A Penitent Blogger

Mindful of my imperfections, seeking to know Truth more deeply and to live Love more fully.

Quid sum miser tunc dicturus? Quem patronum rogaturus? Cum vix iustus sit securus?
Recordare, Iesu pie, Quod sum causa tuae viae: Ne me perdas illa die...

Monday, September 10, 2007

Suffering and the Church

Today’s first reading (Colossians 1:24-2:3) gives us one of the most well-known verses from the letters of St. Paul, a verse that is evoked by many Christians when confronted by suffering:

Now I rejoice in my sufferings for your sake,
and in my flesh I am filling up
what is lacking in the afflictions of Christ
on behalf of his body, which is the church...

Many people, especially non-Christians, think that it is nonsensical to rejoice in one’s sufferings, even though unbelievers and others often use the expression “No pain, no gain” – recognizing that some good things (such as building muscles or creating some great accomplishment) inescapably require some amount of suffering (unless they are selling some “pain-free” alternative that is usually results-free).

But for the Christian, suffering has an infinitely greater positive dimension: a mysterious participation in the sufferings of Christ.

It must be noted here that when St. Paul speaks of “filling up what is lacking in the afflictions of Christ” he is in no way implying that Christ’s sufferings were insufficient. Indeed, just a few verses earlier (19-20), St. Paul is eloquent regarding the cosmic sufficiency of Christ’s death on the cross.

For in him
all the fullness was pleased to dwell,
and through him
to reconcile all things for him,
making peace by the blood of his cross (through him),
whether those on earth or those in heaven.

Christ’s sufferings are infinitely and eternally sufficient and yet he chooses to give us the blessing of sharing in those sufferings in real yet mysterious ways.

Nor does Christ extend to us the opportunity of sharing in his sufferings simply for his glory or for our individual salvation. These sufferings, rather, are “on behalf of his body, which is the church.”

As Paul continues in this passage and beyond, he specifically relates his sufferings to the Church. On one level, he is suffering because of false teachers within the Church, while on another level, he is suffering in the intensity of his labors on behalf of the Church.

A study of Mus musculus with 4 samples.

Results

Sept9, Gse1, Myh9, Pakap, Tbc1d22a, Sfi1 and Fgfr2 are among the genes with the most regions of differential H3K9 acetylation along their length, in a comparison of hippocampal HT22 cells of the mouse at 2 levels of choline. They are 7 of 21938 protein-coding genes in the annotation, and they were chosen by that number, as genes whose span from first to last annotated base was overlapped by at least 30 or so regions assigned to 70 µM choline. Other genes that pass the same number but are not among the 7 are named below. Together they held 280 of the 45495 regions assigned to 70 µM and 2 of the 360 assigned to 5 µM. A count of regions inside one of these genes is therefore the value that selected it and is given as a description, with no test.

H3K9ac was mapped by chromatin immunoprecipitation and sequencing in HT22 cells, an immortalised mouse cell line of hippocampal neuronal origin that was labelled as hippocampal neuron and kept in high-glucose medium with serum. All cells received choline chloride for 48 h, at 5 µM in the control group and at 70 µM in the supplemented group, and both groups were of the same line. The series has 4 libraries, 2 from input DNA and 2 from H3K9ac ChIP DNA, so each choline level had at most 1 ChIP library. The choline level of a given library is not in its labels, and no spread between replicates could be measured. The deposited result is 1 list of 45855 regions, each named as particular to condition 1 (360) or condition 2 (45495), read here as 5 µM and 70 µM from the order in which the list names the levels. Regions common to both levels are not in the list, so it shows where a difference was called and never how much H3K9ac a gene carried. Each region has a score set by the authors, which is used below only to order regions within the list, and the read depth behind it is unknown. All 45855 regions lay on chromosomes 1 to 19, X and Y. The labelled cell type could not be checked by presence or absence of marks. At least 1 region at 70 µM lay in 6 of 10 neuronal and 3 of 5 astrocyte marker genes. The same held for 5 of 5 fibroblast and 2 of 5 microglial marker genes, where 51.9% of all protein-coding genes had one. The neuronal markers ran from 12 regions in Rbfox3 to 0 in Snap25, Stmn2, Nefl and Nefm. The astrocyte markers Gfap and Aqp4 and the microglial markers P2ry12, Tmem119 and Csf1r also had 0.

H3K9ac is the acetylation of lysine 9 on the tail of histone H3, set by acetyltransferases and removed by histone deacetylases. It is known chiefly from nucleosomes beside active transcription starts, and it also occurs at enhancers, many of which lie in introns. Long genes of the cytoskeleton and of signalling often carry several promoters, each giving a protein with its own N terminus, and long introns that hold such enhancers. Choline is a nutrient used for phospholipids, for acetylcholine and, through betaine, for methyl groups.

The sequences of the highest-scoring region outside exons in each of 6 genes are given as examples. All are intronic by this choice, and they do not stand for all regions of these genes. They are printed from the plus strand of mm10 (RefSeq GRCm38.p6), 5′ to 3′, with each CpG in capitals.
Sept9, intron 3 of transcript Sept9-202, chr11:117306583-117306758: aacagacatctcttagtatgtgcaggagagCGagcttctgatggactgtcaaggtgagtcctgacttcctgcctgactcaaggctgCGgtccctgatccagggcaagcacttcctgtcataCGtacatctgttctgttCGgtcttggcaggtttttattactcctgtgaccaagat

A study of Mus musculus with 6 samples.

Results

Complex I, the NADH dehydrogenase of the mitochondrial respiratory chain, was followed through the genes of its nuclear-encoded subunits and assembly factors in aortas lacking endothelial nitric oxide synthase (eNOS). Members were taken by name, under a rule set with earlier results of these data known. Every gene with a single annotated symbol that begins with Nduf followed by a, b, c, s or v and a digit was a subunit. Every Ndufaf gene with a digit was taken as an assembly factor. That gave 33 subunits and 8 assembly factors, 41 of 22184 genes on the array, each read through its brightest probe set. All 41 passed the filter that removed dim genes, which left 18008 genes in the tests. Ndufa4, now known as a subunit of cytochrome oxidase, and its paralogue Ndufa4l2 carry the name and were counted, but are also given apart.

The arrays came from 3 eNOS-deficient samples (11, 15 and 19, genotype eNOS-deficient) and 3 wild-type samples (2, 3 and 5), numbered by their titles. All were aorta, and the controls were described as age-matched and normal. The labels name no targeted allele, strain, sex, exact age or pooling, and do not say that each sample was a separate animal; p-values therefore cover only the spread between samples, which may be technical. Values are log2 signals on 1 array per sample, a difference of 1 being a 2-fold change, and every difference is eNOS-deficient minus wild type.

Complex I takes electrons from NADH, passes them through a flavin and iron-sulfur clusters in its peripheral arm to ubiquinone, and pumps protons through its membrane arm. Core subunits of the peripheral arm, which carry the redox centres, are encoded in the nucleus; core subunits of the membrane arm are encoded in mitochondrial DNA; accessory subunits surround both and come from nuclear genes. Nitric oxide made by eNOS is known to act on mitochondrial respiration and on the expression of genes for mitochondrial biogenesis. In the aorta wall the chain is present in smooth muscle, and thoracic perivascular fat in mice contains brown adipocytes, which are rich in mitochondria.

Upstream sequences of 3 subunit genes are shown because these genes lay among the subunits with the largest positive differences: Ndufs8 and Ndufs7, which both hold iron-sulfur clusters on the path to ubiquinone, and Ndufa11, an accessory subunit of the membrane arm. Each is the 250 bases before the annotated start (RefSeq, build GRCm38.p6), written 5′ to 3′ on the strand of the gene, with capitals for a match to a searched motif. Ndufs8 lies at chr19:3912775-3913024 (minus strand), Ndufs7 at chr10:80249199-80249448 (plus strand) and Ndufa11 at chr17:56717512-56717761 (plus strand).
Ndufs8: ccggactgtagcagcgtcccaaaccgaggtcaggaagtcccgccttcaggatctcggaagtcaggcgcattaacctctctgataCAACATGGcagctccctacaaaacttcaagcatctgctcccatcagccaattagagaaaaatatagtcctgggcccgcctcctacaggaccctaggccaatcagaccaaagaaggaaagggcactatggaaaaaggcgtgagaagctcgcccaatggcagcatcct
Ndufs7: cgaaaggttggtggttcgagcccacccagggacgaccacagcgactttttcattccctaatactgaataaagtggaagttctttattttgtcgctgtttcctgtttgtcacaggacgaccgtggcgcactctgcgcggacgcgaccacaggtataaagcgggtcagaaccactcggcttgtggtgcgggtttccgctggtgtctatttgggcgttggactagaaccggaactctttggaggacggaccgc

But there are many more levels to what St. Paul is saying here and many more levels, deeply spiritual, to the suffering he describes here: he shares Christ’s love for the Church as well as Christ’s heartbreak at sin within the Church, he shares Christ’s sufferings as he preaches from his own heart about Christ’s sufferings, and he shares Christ’s sufferings in the rejection, scorn and even violence that the world inflicts on him.

Thus St. Paul’s words are more than just comforting words in the face of any kind of suffering (although they are that), they are words to encourage us in our own following of Christ and our own participation within the life of the Church.

Many times we may have been blessed with a new enthusiasm for the faith and for the Church, only to be disappointed, discouraged, and dissuaded by the imperfections of its people and even some of its leaders.

St. Paul’s words are an invitation for us to persevere and even to rejoice as we each share, in whatever ways are given to us, in the same work and the same sufferings: the work and the sufferings in Christ that by his grace bring us all closer to the goal given to the Church and its members:

...that their hearts may be encouraged
as they are brought together in love,
to have all the richness of assured understanding,
for the knowledge of the mystery of God, Christ,
in whom are hidden
all the treasures of wisdom and knowledge.